What percent of revenue should go to advertising?

Obviously, different businesses have different strategies when it comes to advertising. Some work on a shoestring budget, and spend almost nothing, while others get almost all their leads from paid advertising.

But when it comes to establishing a range for what is “normal” does anyone have any ideas?

To make an example that would be somewhat mainstream, I am going assume we have a business that makes $10,000 per month, and has a gross profit of 30% (so $3000 in profit). I would love to come up with an answer to the following:

  1. What would be a the minimum and maximum advertising budget?
  2. What would be about average?

I am going to guess the average is $1000 or 10%, but would love to see what others have to offer.

I have no idea what the average but I would throw in the following thoughts:

  1. I’m not sure I’d consider the profit margin much in deciding the marketing budget. I have spent periods where my marketing expense was incredibly high and it ate my entire margin, but over a 12 month period we achieved some real growth which was our goal. Marketing has different goals, and businesses go through different phases, i.e. product launch, high season, etc.

  2. The marketing budget should sort of ‘decide itself’ if you are lucky. I hired a [really expensive] marketing consultant about 6 years ago and, after some research, she came up with a bunch of interesting figures. Lots of information, but the most useful part was that she came up with an average revenue per customer and a projected cost per customer acquisition. The math became pretty easy at that point - our business scaled very well so we could take on as many new customers as we could afford to acquire. I was planing on selling the business within 3 years so it seemed like a good idea to up the marketing budget as much as possible and push for growth. That company lost about 25k that year, and in retrospect I wouldn’t have minded pouring in more money because when the company sold, it was the big client list AND the market research that really brought the most value.

If I had a business that brought in 10k of revenue and a net profit of 3k per month:

  • if for every $1000 of marketing I put in, I expected to increase sales by 10% then I’d up the marketing budget to eat up all available cash

  • if for every $1000 of marketing I put in, I expected to increase sales by 2%, I’d stop spending money on marketing and find a better marketing strategy.

If I wasn’t sure how the numbers worked, I would spend my marketing money on a consultant who could do some market research, understand the business model, and provide a good strategy for the business where I could make investments based on projected increases in revenue.

Of course, no plan can see the future, but if you can project some numbers these kinds of decisions become easy.

Over the years I’ve learned this: if you fine a marketing channel that works, then work it like there’s no tomorrow. There was a period where we were selling tons of Joomla services and our Adwords conversion suddenly doubled - this mean that the return on investment was great and I upped the budget massively until it started to peter out.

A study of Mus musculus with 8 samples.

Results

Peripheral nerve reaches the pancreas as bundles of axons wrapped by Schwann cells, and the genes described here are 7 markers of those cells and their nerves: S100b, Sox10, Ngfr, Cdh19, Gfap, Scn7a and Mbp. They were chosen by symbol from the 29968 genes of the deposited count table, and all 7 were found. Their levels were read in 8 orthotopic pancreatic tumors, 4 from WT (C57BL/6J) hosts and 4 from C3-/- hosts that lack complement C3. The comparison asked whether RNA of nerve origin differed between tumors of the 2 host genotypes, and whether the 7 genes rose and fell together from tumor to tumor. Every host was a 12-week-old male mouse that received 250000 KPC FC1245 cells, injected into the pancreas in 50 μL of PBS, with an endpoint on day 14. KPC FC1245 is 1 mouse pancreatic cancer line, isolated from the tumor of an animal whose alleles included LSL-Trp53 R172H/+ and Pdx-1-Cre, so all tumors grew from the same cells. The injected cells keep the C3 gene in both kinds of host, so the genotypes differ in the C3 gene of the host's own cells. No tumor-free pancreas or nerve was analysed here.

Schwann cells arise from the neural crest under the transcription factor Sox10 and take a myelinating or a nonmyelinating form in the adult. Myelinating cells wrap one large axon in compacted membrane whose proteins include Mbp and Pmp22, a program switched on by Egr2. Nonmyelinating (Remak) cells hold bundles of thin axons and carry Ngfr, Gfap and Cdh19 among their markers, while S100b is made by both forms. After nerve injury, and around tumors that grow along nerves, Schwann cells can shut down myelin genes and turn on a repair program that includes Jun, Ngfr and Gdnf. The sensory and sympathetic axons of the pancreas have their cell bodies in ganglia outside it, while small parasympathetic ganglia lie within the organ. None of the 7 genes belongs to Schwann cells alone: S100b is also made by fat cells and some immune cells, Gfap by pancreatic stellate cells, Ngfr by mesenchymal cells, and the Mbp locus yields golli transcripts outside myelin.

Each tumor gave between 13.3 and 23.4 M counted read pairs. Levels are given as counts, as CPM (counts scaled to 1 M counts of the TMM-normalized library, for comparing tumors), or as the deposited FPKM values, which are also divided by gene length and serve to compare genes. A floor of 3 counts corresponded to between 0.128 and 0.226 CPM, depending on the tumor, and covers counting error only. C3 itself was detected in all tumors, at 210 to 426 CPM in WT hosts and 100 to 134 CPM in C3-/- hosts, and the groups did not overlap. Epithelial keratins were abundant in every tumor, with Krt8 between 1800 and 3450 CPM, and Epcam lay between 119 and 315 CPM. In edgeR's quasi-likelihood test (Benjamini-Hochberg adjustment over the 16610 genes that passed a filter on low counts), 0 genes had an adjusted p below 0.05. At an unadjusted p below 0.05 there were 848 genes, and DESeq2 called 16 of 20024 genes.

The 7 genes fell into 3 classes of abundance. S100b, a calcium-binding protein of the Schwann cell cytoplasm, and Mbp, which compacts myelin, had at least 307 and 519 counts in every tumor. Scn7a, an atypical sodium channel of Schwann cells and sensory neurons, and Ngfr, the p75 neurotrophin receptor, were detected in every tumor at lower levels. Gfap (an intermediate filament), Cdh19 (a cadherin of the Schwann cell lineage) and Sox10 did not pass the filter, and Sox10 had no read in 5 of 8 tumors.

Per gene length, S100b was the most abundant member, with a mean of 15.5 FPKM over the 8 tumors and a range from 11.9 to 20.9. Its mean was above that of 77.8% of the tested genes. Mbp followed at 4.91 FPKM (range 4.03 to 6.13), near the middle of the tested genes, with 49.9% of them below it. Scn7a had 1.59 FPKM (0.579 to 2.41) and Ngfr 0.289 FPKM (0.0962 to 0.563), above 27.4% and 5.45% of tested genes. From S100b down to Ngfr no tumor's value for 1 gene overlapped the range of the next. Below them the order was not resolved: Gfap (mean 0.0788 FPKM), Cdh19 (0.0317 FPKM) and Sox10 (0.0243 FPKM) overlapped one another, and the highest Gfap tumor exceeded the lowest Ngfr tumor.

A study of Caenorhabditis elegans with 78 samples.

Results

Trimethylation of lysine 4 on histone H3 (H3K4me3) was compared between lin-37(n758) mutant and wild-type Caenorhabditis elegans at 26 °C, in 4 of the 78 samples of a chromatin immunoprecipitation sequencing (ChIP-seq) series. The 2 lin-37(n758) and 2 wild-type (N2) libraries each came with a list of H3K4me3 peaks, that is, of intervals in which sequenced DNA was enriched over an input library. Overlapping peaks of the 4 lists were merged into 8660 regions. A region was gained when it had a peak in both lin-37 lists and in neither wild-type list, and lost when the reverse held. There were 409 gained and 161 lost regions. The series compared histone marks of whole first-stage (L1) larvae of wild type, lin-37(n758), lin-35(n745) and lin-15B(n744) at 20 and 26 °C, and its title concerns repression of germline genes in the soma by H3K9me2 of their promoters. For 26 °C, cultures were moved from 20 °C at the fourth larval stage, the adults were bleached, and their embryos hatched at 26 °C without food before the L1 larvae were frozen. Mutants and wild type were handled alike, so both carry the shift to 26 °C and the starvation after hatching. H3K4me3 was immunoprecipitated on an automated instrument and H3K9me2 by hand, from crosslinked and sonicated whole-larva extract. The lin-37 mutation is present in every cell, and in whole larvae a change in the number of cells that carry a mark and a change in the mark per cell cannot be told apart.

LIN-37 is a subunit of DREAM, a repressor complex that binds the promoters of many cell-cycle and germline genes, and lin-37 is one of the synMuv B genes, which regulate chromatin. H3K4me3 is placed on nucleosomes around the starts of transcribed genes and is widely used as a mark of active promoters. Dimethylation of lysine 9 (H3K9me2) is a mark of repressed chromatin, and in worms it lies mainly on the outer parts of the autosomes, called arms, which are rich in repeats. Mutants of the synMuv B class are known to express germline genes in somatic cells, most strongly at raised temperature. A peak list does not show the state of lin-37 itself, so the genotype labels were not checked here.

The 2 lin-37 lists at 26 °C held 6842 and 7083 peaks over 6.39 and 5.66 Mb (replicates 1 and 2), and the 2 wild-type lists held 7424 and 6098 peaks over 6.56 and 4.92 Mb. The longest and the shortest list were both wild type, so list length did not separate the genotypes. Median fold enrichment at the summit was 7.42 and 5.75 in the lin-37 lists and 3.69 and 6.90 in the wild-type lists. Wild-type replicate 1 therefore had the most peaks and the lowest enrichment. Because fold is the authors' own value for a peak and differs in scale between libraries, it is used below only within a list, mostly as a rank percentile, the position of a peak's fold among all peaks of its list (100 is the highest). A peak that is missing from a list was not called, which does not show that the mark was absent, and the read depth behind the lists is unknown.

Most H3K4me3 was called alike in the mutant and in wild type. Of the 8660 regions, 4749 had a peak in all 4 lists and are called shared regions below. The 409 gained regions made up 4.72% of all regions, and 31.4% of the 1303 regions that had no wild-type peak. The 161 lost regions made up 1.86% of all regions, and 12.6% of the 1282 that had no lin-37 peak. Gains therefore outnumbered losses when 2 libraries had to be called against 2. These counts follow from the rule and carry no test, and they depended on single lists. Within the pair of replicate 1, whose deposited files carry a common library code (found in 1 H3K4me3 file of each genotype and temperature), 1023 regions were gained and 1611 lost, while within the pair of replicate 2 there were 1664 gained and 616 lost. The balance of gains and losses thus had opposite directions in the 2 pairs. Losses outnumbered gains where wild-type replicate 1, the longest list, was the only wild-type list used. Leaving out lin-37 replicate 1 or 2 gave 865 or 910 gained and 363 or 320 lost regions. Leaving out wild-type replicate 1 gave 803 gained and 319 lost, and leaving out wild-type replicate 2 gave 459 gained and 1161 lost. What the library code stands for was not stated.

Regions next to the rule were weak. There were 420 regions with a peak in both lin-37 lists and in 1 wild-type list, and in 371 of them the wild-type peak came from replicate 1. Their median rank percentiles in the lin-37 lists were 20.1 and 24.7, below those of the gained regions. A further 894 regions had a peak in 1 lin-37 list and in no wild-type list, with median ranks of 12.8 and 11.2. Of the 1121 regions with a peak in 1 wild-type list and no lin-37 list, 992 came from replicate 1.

The reverse is true, too. If you are marketing and it’s not really working, then quit it and make a new plan.

I always found that a kinda funny question myself.

I think if you’re a larger company more focused on “branding” and you don’t know how much money you’re making from the different advertising campaigns you run - then picking a percentage to reinvest is acceptable - but as a small business owner where every dollar in profit counts, I’d think you’d work hard to develop marketing that results in a positive ROI.

Then once you know you’ll make $500 in profit for every $100 you spend marketing, why would you limit yourself to reinvesting just a small portion of your profits?

Sure there might be a practical limit to how much you can reinvest if you want to keep your business smaller and more manageable, but if you can adapt to easily sell more products or services, I don’t see why someone wouldn’t.

Like you if I had to guess I’d say 10% is probably the norm, but I can’t see why someone would limit themselves if they knew their marketing produced a positive ROI.

I think that a big company who doesn’t know how much money they are expecting to make on advertising isn’t gonna last long. A large company needs to have a marketing team who makes these kinds of decisions based on the hardest data available.

Branding is a bit different, but it can still have the same dynamic. For example, you can’t say that ‘if we do this much branding then we’ll get that much revenue’ but you can still have a specific branding/positioning goal and budget for that goal. It’s like overhead to the advertising.

> Obviously, different businesses have different strategies when it comes to advertising. Some work on a shoestring budget, and spend almost nothing, while others get almost all their leads from paid advertising.

and some will figure the best advertising is doing a great job, so rather than support media companies spend resources on being able to do things better – this is very much the way things are going i think; baking the goodness in and doing it rather than creating imagery and talking about it. in fact marketing/advertising and the service/product gets blurred which is good. e.g. consider the tracking thing on fedex. is that marketing or part of the service? from within the company when the idea was first born i reckon it seemed like marketing. to a user of the company it’s part of the service. the marketing is so useful it’s not even seen as marketing by customers but part of the service. now that is the goal imo. make the marketing add so much value it isn’t even seen as marketing. so your question then becomes, how much should companies feed back into their business?